Successful promotion of ADB projects beat forecast by 166 percent

Some 5 million USD, said Sweden’s then minister in Manila, Lars Andreasson, when asked last February about the potential for ADB funded projects to Swedish companies during 2003.
     The actual outcome: USD 13.3 Million!
     166 percent better than forecasted.
     And for 2004?
     “That is difficult to say. But we hope to reach about the same level, that is USD 10 to 15 million,” says Mr Ulf Walden, the current Minister at Sweden’s embassy in Manila.
     A new Swedish strategy to fight for Asian Development Bank, ADB, projects was initiated in 2002 as part of the larger new Asia Strategy developed of the Ministry for Foreign Affairs in Stockholm.
     The strategy emphasises the importance of high-level visits to the ADB to explore possibilities for closer cooperation and more co financing arrangements between Sweden and ADB.
     Back then Swedish companies were lukewarm to the ADB and its projects and activity was low. Sweden’s embassy in Manila therefore began to target and identify individual decision makers at the companies’ head offices and provide them with tailor made information about ADB projects relevant to their specific business.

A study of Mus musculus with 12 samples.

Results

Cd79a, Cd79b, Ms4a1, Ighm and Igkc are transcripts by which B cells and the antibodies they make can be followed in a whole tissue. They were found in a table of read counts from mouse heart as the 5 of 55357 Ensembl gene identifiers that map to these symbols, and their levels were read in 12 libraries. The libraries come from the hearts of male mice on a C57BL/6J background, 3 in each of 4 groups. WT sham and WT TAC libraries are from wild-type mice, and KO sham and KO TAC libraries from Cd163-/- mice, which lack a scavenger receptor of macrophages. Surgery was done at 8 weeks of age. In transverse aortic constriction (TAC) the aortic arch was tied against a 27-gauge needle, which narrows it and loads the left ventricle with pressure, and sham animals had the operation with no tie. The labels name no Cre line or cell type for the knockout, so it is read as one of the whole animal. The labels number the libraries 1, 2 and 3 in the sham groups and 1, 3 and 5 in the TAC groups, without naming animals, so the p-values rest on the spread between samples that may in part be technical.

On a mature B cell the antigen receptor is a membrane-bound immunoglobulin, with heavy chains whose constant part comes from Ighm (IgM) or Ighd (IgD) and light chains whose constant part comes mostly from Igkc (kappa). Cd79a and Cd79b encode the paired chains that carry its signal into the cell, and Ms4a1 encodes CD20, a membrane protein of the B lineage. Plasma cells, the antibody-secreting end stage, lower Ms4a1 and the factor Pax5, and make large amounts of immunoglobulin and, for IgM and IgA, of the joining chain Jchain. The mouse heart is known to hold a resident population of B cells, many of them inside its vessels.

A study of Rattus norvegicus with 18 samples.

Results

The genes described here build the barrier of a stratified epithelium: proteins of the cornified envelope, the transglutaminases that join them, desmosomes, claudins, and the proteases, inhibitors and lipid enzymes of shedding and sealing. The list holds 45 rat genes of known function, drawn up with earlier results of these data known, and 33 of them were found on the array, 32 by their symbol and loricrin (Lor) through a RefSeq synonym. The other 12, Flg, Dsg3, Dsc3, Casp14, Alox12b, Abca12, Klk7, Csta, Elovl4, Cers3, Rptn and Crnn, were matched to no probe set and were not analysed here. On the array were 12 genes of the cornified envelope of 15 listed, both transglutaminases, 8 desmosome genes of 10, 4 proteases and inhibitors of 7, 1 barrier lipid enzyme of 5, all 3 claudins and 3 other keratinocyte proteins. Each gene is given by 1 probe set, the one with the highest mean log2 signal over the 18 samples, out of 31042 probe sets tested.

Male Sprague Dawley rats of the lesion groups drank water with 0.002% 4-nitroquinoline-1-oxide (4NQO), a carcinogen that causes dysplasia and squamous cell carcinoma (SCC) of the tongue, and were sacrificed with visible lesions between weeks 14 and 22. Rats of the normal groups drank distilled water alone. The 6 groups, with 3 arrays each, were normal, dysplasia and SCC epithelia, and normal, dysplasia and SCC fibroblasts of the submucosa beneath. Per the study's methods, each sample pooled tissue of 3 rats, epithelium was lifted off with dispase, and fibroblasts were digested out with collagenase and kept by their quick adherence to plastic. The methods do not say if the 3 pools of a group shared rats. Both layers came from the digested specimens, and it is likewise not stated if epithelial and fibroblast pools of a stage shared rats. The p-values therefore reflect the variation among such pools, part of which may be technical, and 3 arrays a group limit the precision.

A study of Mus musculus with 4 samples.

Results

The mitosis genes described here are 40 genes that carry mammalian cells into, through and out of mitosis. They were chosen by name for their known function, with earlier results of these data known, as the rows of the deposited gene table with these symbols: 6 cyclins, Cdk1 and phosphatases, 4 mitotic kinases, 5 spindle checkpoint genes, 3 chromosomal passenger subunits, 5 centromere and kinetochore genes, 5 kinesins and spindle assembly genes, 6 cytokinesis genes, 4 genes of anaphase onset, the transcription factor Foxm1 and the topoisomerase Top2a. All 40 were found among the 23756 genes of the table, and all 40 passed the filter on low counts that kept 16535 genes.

Business trips were organised. Know how and interest in the ADB grew as a result of the joint efforts. More requests to the embassy in Manila and a number of corporate visits to the ADB head office in Manila followed.
     And the positive trend continues. Between 22 and 26 March this year ten Swedish companies visited the ADB’s headquarters in Manila to learn and make contacts there.
     “Part of the programme also dealt with the Filipino market. The embassy arranged 150 individual visits between Swedish and Filipino company representatives,” writes ambassador Annika Markovic in a report after the visit.
     The March visitors represented 50/50 consulting and manufacturing companies.
     Over twenty Swedish companies are currently using the embassy trade section’s ADB related services.
     “But we believe we can attract many more. That requires marketing by our trade section during personal visits in Sweden,” stresses Annika Markovic.
     You also mention in the report that more staff is needed at the embassy to cope with the ADB work. How has Stockholm responded to that?
     “The Ministry did not support my request for a new position here during 2004 but there is an ‘opening’ for it later during the current three year period. The situation may change as the foreign service currently is making an effort to promote exports with a number of new positions at Swedish embassies around the world. And we do what we can to make Manila get its share of this drive as we see the potential for increased exports here and to get more ADB projects,” says Annika Markovic.
     Competition for ADB projects is hard. Sweden’s neighbour Finland did for example bring in 17 companies to a similar visit in early March 2004.
     Still Sweden leads the Nordic league in the consultant company group awarded ADB projects 2003 while we lag behind Denmark but before Norway and Finland in the supplier category.